5 Tools That Modern Marketing Departments Need to Compete

I’m going to start this post with some groundbreaking information. BREAKING NEWS – MARKETING HAS CHANGED! My favorite Dilbert comic calls out marketing for being liquor and guessing, while the liquor part might still be accurate, the guessing has been substituted with so much data that we’re shackled with insecurity about making wrong decisions because we might be misreading the data.

Also, marketing departments used to be fairly defined. Digital marketing did one thing, product marketing did their thing, ecommerce worked on their side of the office and then agencies helped out with the creative stuff that companies just don’t have the resources to handle.

Today all those departments still exist, of course, but they’re not quite as defined as they used to be. There’s no reason that the content created by a product marketer can’t be used by the demand gen team further down the funnel, and no reason that the content team shouldn’t work with the digital marketing team who also clearly touches his ecomm colleagues. And your agencies, you ask? If they can’t collaborate as if they’re part of the team, then what are you paying for exactly?

So, since collaboration and data seem to be the trends in modern day marketing you can probably guess that I’m going to share with you some tools to help you with just that (plus the title kind of gave it away). But, since I used to work for one I’ll begin with the letters P I and M.

Product Information Management (PIM)

Buy one! Need I say more? I reckon I should educate you before you get your checkbook out, it is after all the first step of the marketing process which you’re so familiar with. A PIM, quite simply, is a central repository for taxonomy, data, imagery, materials and anything and everything that helps you go to market and sell your products. A standalone PIM used to be just for storage and retrieval but today they should function as a collaborative tool that allows for an inter-department strategy that includes a complex supply chain that begins with product development and ends with the product online in front of the right audience.

Digital Asset Management (DAM)

A DAM is a central repository for pretty much all marketing material, including video, images, collateral, and pretty much every piece of content you can create and make variations of. A DAM will make clear the latest variation and ensure that it gets in front of the right person who needs to work on it or even disseminate it via workflows. In this regard it’s the ideal tool for creatives to ensure that odious process of searching through folders or email attachments are a thing of the past. It also speeds up the amount of time to get material to market and ensures accuracy.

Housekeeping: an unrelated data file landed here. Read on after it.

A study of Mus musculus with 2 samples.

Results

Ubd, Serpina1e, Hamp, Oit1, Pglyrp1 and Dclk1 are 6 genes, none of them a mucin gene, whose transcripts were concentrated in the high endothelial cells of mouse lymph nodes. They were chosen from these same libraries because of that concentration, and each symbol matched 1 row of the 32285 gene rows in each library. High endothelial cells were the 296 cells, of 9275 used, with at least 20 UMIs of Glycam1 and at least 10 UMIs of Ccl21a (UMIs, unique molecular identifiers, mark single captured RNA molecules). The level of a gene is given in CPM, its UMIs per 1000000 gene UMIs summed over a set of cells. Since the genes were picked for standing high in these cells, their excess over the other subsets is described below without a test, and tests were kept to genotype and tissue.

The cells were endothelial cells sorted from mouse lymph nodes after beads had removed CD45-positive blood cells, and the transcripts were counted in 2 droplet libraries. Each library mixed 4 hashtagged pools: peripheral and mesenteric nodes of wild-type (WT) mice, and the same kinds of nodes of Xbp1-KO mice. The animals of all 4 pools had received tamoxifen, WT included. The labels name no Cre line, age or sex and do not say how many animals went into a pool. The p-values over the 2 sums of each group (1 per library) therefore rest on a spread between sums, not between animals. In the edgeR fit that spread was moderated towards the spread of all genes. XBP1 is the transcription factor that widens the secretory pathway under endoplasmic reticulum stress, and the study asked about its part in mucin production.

Marketing Automation

Have you ever tried to log in to each social media site that you own and a separate tool for email blasts, another one for a drip campaign, another one to create landing pages, and yet another for data analytics and so on and so forth. Combining these into one solution is by far the most practical thing that a marketing department can do. If you don’t already use a marketing automation suite you are in the minority as over 75% of marketers use some variation of it.

Project Management

Project management tools such as Trello and Asana are quite helpful in helping move projects along, especially multi-faceted campaigns and content strategies. Keeping everyone on track is one of the hardest parts of any project, especially those without a defined project manager, so having a bit of electronic accountability helps the entire team.

Instant Messenger

Gone are the days that instant messaging, or IMing as it were, was frowned upon at work. Today offices sit silent while people type away to their colleagues over tools such as Skype or Slack. More than just a solution to gossip about the person next to you, it’s also an efficient way for colleagues to communicate if they are in different cities or even different offices. Communication is obviously key to a collaborative marketing team to ensure that your strategy is moving forward.

Author: Douglas Eldridge

Douglas Eldridge began his career in content in 2003 as an editor at a global newswire. Over the years he has worked in almost every facet of digital marketing, from PPC to ecommerce. When he's not marketing you can find him with his wife, two kids, their dog and a flock of chickens in Denver, Colorado or in the right seat of a Cessna 172 teaching people to fly airplanes.